If you run a small business, it is important to be aware of how your company will be affected by taxes this year. It also helps to understand your full liabilities and how to maximize your deductions without drawing too much attention from the IRS. To make this tax season a bit easier on you and your business, here are five of the most important things you’ll want to know about your small business federal income tax.
1. Your legal entity makes a difference.
Not all small businesses are the same and not all of them incur the same tax burdens. Whether you have a sole proprietorship, LLC, DBA, S-corporation, C-corporation or partnership, each type of business has its own tax benefits and limitations. Do your research and consult your tax preparer to understand your company’s specific tax liabilities. If you are just starting your business, learn the differences so you can choose the right legal entity from the beginning.
2. There are a lot of deductions available.
Small business owners need to be resourceful to keep costs down and revenues up. Be sure to take advantage of the many tax deductible expenses. You should know exactly what you are able to deduct and keep accurate records and receipts for everything. The most common small business deductions are rent, office supplies, furniture, equipment, utilities, healthcare and mileage, though there are plenty more of which you’ll want to be aware.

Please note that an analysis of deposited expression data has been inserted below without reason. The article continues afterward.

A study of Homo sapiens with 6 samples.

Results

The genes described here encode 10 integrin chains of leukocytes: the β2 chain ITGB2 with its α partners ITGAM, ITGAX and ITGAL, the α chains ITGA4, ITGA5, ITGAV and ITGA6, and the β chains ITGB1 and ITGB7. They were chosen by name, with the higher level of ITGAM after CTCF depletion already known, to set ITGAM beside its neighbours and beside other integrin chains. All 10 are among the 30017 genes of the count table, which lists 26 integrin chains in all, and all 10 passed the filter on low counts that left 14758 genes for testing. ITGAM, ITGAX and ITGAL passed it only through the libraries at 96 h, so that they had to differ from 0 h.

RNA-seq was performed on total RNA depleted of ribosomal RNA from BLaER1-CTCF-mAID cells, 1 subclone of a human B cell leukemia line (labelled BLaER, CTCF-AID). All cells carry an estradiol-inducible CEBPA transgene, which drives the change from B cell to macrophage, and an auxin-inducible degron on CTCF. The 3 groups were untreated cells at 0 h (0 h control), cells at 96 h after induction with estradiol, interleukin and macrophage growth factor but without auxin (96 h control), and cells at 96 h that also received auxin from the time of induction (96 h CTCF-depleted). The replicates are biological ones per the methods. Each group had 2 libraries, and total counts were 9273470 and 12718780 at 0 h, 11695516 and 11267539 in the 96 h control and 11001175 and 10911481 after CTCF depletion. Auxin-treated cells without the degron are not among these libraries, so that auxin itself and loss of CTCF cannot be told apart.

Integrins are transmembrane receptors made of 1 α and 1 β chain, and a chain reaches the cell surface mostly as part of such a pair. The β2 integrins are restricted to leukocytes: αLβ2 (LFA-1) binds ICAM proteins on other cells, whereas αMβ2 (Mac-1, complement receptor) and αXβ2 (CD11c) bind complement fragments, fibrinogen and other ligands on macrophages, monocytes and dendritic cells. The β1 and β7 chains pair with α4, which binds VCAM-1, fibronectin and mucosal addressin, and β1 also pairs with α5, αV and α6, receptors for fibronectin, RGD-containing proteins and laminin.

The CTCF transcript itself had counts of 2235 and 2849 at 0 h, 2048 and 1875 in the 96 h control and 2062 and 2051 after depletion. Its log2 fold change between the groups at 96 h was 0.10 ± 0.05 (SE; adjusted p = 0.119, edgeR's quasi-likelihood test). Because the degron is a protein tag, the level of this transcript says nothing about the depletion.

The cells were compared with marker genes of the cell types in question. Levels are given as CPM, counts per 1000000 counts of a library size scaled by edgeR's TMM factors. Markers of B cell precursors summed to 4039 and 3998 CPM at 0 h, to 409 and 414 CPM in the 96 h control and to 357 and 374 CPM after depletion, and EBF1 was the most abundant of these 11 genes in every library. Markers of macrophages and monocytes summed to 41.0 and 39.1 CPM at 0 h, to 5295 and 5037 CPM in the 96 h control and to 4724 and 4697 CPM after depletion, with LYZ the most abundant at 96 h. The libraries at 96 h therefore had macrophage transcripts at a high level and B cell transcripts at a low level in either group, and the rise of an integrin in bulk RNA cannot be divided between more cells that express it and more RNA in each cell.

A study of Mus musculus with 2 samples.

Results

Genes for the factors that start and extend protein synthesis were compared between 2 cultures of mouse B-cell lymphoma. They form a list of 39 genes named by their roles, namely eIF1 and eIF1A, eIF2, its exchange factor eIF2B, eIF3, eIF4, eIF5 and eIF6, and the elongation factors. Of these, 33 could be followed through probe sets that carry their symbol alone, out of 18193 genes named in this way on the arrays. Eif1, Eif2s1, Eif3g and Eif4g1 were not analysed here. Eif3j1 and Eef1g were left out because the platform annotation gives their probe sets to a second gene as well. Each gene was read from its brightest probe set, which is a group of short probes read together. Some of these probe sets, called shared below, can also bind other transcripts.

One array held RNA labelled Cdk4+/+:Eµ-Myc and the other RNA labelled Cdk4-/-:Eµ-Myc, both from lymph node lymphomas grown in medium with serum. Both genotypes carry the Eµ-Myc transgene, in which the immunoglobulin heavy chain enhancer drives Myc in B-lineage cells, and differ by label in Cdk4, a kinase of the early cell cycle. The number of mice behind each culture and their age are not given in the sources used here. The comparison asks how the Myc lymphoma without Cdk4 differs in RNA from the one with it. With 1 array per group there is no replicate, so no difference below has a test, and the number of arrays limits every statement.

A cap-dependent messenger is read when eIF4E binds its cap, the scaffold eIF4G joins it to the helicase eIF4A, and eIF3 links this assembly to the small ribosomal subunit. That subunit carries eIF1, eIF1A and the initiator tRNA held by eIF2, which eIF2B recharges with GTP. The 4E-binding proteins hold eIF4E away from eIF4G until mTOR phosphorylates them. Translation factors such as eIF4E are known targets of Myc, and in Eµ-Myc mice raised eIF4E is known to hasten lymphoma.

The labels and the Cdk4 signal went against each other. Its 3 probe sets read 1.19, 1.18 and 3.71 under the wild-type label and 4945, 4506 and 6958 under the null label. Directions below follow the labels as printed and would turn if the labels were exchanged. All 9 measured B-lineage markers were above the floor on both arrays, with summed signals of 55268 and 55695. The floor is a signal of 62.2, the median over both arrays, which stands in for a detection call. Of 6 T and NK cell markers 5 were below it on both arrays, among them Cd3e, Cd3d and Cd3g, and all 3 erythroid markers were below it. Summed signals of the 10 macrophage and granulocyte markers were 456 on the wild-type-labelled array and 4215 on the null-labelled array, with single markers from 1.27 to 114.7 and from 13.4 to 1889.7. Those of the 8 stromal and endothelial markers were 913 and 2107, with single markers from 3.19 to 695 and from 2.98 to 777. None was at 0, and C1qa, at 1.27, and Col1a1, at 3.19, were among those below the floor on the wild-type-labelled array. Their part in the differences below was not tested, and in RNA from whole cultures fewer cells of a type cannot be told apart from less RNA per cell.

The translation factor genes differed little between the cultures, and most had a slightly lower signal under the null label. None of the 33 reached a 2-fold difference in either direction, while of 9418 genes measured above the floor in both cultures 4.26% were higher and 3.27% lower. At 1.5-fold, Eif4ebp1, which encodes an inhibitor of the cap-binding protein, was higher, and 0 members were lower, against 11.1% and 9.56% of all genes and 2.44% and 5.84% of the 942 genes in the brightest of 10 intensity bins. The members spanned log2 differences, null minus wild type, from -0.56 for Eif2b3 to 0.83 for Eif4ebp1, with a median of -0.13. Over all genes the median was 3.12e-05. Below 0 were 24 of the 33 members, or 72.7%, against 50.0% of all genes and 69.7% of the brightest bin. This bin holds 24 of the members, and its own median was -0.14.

3. Track your startup expenses.
You don’t need to be making a profit before you can start deducting business expenses. Keep records of all your startup expenses including licensing and/or incorporation fees, so you can maximize your deductions as your business starts to get off the ground.
4. Make your estimated tax payments.
In your first year of business, you may be exempt from making quarterly estimated tax payments. However, you are required to make them in all subsequent years. Understand what you may owe from quarter to quarter and utilize a small business tax expert like Ferguson, Timar & Company to help you calculate and file your quarterly estimated tax payments.
5. Understand self-employment taxes.
Self-employment tax consists of Social Security and Medicare taxes. You are responsible for paying your own portion of the self-employment tax, as well as the second half, which is usually paid by the employer. However, you can also claim half of what they pay as a tax deduction. It’s important to understand all aspects of self-employment tax.
Running a small business can be stressful enough, so it pays to have a tax preparation team on your side that knows all the different tax liabilities and understands how to help you maximize your deductions. For more information or to set up a small business tax consultation before the filing deadlines, contact Ferguson, Timar & Company today.